Online Bible Commentary
Having Faith in the Power of God
1 Corinthians 2:1 And I, brethren, when I came to you, did not come with excellence of speech or of wisdom declaring to you the testimony of God. 2 For I determined not to know anything among you except Jesus Christ and Him crucified. 3 I was with you in weakness, in fear, and in much trembling. 4 And my speech and my preaching were not with persuasive words of human wisdom, but in demonstration of the Spirit and of power, 5 that your faith should not be in the wisdom of men but in the power of God. (NKJV)
The writer of 1 Corinthians is the apostle Paul. He wrote this letter to the church at Corinth, Greece during his third missionary journey, while in Ephesus, Asia from 54-56 A.D. The church in Corinth was established by Paul during his second missionary journey when he ministered there for a year and a half during 51-52 A.D.
Paul begins this passage by recalling his visit to the Corinthians in 51-52 A.D. (v. 1a). He recalls that he did not come with eloquent speech or some kind of wordy cleverness (v. 1b). He was plain spoken and not wishing to impress them as a wordsmith. Instead his purpose was to declare to them the gospel (v. 1c).
Paul was “determined” to stay on message, not to “know”, recognize, “anything” else as he spoke among the citizens of Corinth (v. 2a). The message he stayed on was that of the message of Jesus Christ and the climax of that message, the crucifixion (v. 2b).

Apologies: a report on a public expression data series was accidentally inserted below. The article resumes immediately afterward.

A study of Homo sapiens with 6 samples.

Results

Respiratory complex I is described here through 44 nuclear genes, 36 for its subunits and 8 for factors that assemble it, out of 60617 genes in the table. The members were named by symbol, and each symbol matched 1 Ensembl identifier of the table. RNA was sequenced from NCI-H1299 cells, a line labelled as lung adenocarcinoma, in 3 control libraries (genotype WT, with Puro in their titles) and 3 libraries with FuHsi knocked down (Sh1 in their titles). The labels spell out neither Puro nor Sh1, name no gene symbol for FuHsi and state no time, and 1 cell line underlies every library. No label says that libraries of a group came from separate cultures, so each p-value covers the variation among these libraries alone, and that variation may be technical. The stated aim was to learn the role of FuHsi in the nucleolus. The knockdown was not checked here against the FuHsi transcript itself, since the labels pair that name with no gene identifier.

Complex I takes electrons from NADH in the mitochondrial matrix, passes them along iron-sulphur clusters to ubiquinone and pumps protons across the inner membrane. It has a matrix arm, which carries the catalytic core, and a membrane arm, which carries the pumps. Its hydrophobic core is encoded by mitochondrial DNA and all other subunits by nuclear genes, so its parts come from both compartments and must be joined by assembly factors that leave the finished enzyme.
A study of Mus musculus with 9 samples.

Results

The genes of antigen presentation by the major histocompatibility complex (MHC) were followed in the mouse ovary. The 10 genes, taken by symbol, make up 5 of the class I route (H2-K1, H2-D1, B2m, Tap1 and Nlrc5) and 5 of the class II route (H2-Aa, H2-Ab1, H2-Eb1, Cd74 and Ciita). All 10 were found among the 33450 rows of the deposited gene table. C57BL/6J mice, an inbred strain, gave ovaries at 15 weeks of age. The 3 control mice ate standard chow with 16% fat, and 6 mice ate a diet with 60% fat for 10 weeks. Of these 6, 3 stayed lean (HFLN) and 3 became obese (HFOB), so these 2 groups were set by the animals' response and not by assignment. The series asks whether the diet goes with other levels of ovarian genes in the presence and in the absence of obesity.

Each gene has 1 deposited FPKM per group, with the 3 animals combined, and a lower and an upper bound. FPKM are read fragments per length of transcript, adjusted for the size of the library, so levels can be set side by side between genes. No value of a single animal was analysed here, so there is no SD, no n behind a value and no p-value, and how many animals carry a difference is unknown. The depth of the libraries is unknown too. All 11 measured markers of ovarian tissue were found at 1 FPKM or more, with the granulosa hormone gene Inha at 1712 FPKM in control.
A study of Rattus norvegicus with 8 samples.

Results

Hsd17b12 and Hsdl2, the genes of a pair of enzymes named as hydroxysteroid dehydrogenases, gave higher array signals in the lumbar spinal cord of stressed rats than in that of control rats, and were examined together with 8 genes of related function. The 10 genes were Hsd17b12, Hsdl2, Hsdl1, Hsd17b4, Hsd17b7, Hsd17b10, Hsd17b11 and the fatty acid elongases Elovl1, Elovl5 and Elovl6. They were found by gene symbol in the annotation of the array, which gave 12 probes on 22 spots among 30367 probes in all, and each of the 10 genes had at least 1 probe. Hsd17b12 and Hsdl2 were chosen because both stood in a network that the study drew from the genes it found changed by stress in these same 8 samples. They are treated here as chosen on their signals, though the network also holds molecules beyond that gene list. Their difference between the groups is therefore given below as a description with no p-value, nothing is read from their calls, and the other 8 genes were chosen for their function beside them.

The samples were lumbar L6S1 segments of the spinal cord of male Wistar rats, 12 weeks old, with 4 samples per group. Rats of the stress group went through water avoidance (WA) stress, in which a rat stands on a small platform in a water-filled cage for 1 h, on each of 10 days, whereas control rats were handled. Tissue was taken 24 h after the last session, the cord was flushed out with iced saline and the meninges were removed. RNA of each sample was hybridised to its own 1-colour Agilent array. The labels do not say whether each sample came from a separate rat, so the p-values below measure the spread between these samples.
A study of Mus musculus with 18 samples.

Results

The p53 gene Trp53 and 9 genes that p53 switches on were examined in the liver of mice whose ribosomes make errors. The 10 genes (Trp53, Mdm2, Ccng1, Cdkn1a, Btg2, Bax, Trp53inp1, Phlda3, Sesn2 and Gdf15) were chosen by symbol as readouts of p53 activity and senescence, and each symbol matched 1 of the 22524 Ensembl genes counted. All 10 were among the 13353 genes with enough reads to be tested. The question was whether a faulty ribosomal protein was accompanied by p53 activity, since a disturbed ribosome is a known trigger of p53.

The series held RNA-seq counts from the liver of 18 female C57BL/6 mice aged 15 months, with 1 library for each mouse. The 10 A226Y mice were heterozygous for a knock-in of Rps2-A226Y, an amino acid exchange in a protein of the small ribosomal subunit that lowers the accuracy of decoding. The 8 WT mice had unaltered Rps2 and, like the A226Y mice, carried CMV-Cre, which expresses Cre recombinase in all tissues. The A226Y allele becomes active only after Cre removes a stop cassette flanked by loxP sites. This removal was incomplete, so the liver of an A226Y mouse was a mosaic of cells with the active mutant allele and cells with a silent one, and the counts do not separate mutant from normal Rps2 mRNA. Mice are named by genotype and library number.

The message was not Paul’s message. Paul was only a mortal man, and, as such, he had come to them with all his flaws, “in weakness, in fear, and in much trembling” (v. 3). The message was that of Jesus Christ.
Because of this weakness, fear and trembling Paul’s speech and preaching “were not with persuasive words of human wisdom” (v. 4a). Paul was not physically imposing, nor was he an eloquent speaker (2 Cor. 11:6). However, it was his reliance upon the Holy Spirit that gave his words “power” (v. 4b).
It was this reliance on the Holy Spirit that made his message even more powerful because he was an example of the message he carried. He was calling on people to put their faith not “in the wisdom of men but in the power of God” (v. 5), just as he was doing.
Paul was just an ordinary man who was used by God to accomplish extraordinary things. He was sold out to the Lord and had made himself available to God.
He devoted everything he had and everything he was to the Lord. He allowed the Holy Spirit to use him and to give him the words to say at the proper time. In the eyes of the world he was nothing special but in the eyes of the Lord he was a giant.
That too should be our mission. We do not have to be a superior talent to be used by the God. The only ability we need is availability. The Holy Spirit will provide the rest.
So, we need to have faith in the power of God. Next, we need to be available to take the time to know the Lord through reading and studying His word, the Bible. And we also need to be available to tell His story to a hurting world. Then, we too can be a giant in the eyes of the Lord.